Following a plea agreement in criminal court Jonathan Sexton will serve six months in jail for voluntary manslaughter.

It was the charge officials levied soon after he was arrested.

On Monday, Sexton stood in Campbell County Criminal Court and admitted he was guilty in the death of his friend Rocky Gibson.

The two had spent an evening in early December drinking when an argument erupted, according to Campbell County Sheriff’s Department Capt. Brandon Elkins.

On that night Sexton allegedly tried to shift culpability for the crime by calling 911 to report the incident. He allegedly told 911 personnel he had arrived at the home to find Rocky Gibson lying on the kitchen floor bleeding from the chest.

 “He’s bleeding out,” Sexton can be heard saying on the 911 tape. “There is something wrong.” As the dispatcher speaks with Sexton she questions him if he knows what happened.

Sexton repeatedly asks Gibson if he knows who “did this to him” and tells him “it is going to be okay.”

When emergency personnel arrived they found Gibson in the kitchen floor of the 1078 South Highway 25 home bleeding, Elkins said.

 A long bladed kitchen knife was found in the sink covered in blood, authorities said.

At that time Sexton maintained to police a third party had inflicted the life- threatening injury on his friend, Elkins said.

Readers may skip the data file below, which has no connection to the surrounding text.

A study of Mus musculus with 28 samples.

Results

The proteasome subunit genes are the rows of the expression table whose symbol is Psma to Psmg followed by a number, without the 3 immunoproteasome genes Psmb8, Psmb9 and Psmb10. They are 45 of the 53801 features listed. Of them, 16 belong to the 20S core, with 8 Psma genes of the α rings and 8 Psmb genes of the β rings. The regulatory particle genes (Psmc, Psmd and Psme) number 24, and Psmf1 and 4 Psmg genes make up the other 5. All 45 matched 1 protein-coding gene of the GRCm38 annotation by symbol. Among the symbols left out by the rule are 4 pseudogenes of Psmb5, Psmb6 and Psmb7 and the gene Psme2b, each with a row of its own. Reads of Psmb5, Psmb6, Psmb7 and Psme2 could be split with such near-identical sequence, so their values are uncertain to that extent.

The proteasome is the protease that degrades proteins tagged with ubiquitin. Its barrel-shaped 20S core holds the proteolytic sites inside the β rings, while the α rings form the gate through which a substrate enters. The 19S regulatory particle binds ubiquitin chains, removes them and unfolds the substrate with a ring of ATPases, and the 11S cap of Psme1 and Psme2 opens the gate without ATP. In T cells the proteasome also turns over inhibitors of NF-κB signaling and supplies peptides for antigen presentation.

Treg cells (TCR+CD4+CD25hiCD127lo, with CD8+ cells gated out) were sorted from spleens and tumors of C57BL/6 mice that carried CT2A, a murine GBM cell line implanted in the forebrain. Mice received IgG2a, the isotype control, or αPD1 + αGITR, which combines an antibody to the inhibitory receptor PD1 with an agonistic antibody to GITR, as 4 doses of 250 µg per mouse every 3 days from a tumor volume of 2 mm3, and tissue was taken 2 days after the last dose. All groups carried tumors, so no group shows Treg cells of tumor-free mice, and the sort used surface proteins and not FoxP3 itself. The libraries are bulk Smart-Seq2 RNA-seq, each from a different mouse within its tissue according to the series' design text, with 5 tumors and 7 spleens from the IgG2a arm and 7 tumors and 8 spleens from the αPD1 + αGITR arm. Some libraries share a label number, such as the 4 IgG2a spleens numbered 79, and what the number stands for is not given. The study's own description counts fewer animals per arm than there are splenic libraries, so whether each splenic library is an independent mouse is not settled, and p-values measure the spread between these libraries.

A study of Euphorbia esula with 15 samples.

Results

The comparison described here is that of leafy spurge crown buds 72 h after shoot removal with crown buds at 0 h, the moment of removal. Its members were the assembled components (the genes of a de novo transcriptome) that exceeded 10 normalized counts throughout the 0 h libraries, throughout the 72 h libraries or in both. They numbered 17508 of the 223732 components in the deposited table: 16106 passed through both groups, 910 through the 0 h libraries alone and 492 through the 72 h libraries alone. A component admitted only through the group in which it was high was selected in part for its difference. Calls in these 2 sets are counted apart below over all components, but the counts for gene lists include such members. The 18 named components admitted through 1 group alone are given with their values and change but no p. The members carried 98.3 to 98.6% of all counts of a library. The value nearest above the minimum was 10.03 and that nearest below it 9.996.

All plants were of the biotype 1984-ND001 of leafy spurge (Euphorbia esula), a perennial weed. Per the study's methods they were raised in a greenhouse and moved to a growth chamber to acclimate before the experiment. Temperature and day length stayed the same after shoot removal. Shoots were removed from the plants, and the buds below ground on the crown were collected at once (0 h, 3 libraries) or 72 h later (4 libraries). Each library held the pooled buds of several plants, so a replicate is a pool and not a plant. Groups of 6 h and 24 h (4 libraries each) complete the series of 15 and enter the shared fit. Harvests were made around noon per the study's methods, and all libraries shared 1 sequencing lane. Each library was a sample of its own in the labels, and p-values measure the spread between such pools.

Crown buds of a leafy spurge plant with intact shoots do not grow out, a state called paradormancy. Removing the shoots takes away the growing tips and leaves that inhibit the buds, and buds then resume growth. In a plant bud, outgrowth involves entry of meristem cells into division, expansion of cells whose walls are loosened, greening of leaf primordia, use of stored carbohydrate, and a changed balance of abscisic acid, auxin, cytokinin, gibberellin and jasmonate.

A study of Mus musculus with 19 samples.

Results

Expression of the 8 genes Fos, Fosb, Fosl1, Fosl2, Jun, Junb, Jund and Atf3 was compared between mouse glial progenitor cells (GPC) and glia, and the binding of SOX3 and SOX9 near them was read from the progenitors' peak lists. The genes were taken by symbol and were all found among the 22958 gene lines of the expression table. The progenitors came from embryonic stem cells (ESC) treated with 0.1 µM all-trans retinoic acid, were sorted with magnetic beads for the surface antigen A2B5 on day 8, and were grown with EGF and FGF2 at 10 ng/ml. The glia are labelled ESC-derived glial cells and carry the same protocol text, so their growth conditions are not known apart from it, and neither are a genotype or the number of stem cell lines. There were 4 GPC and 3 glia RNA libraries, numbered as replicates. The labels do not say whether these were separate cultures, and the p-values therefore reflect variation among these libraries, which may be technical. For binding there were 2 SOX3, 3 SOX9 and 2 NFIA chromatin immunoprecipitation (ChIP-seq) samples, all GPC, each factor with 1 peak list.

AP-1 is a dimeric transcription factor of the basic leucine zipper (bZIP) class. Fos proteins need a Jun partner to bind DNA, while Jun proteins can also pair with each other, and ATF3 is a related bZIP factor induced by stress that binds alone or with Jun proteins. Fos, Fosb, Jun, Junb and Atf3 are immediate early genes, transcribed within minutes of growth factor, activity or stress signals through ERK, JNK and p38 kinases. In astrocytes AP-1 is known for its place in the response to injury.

Gibson was airlifted to U.T. Medical Center where he died during surgery.

An autopsy later revealed Gibson died from a single knife wound to the heart, the arrest warrant said.

While Sexton was arrested at the home just after police arrived, it was allegedly several hours before he was sober enough to be interviewed, said CCSD Det. Freddie White.

Sexton allegedly told police he had been living at Gibson’s home for several weeks but the two had known each other for longer.

Per the terms of Sexton’s guilty plea he will serve six months in jail followed by three years probation. In addition to this, he is to obtain an alcohol and drug assessment following any recommendations made regarding treatment.

“The judge has to sentence within the range (of incarceration) and he (Sexton) had no prior felonies,” said Eighth Judicial District Attorney General Lori Phillips-Jones.

Under state law, Sexton plead guilty to a class C felony which meant his sentence could have been fallen between three and six years. Sexton’s lack of a felony history meant he was eligible to be sentenced on the lower end of the guidelines.

“We feel the facts support the plea,” Phillips-Jones said.